Sidney Wolfe Testifies Before FDA COVID-19 Vaccine Committee

WASHINGTON, D.C. – The U.S. Food and Drug Administration recently increased some requirements for granting an Emergency Use Authorization (EUA) for a COVID-19 vaccine, but serious deficiencies remain, Sidney Wolfe, founder of Public Citizen’s Health Research Group, said in testimony Thursday before the agency’s Vaccines and Related Biological Products Advisory Committee. The hearing followed a protest outside of the U.S. Department of Health and Human Services building where activists demanded a safe, effective, accessible and free COVID-19 vaccine.

Public confidence in a COVID-19 vaccine continues to wane, and rushing a vaccine through an EUA without complete Phase 3 safety and efficacy data, which could take months to complete, would further undermine public confidence.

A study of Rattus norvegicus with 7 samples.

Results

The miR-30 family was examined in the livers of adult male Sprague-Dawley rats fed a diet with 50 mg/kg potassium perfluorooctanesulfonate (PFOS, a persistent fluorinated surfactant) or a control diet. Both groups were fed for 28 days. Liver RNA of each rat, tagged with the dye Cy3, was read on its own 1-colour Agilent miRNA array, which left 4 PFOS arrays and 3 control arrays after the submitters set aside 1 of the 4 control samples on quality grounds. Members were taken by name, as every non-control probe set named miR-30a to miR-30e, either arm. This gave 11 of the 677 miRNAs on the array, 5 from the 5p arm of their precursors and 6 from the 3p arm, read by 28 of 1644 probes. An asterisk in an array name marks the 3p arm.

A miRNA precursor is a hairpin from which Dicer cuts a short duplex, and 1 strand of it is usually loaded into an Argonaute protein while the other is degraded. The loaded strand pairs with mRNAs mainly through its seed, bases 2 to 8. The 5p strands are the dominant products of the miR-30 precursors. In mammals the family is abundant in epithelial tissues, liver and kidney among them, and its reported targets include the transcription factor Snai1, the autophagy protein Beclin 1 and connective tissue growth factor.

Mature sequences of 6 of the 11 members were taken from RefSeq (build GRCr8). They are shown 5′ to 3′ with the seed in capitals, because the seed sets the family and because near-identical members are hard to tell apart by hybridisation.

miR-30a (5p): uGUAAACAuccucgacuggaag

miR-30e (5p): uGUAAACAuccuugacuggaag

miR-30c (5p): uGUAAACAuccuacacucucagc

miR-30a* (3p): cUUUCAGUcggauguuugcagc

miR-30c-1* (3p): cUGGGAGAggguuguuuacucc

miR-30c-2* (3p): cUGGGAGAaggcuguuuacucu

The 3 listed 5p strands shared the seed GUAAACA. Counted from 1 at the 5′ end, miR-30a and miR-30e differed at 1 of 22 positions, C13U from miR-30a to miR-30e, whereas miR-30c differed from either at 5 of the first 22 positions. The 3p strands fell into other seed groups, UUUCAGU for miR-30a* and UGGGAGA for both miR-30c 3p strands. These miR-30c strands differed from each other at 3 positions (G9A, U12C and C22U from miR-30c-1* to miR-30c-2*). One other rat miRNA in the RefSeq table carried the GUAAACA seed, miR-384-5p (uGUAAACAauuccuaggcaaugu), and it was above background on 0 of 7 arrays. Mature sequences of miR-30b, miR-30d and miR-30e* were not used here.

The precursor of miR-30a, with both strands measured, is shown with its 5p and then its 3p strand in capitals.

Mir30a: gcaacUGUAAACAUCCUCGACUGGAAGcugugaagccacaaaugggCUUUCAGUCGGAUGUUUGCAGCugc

Wolfe asked the committee, “Based on incomplete Phase 3 trials, will your advisory committee have enough confidence, despite all this missing data, to recommend authorizing a vaccine, for use in tens of millions of people, when an EUA is requested? The gap between completed Phase 3 trials needed for approval and the current EUA standard, allowing half of Phase 3 trial participants to be followed for less than two months after vaccination does not engender confidence. Saving time by a faster but riskier data-deficient EUA pathway will surely be outweighed by further loss in public confidence in an incompletely tested, vaccine, accompanied by decreased willingness to be vaccinated.”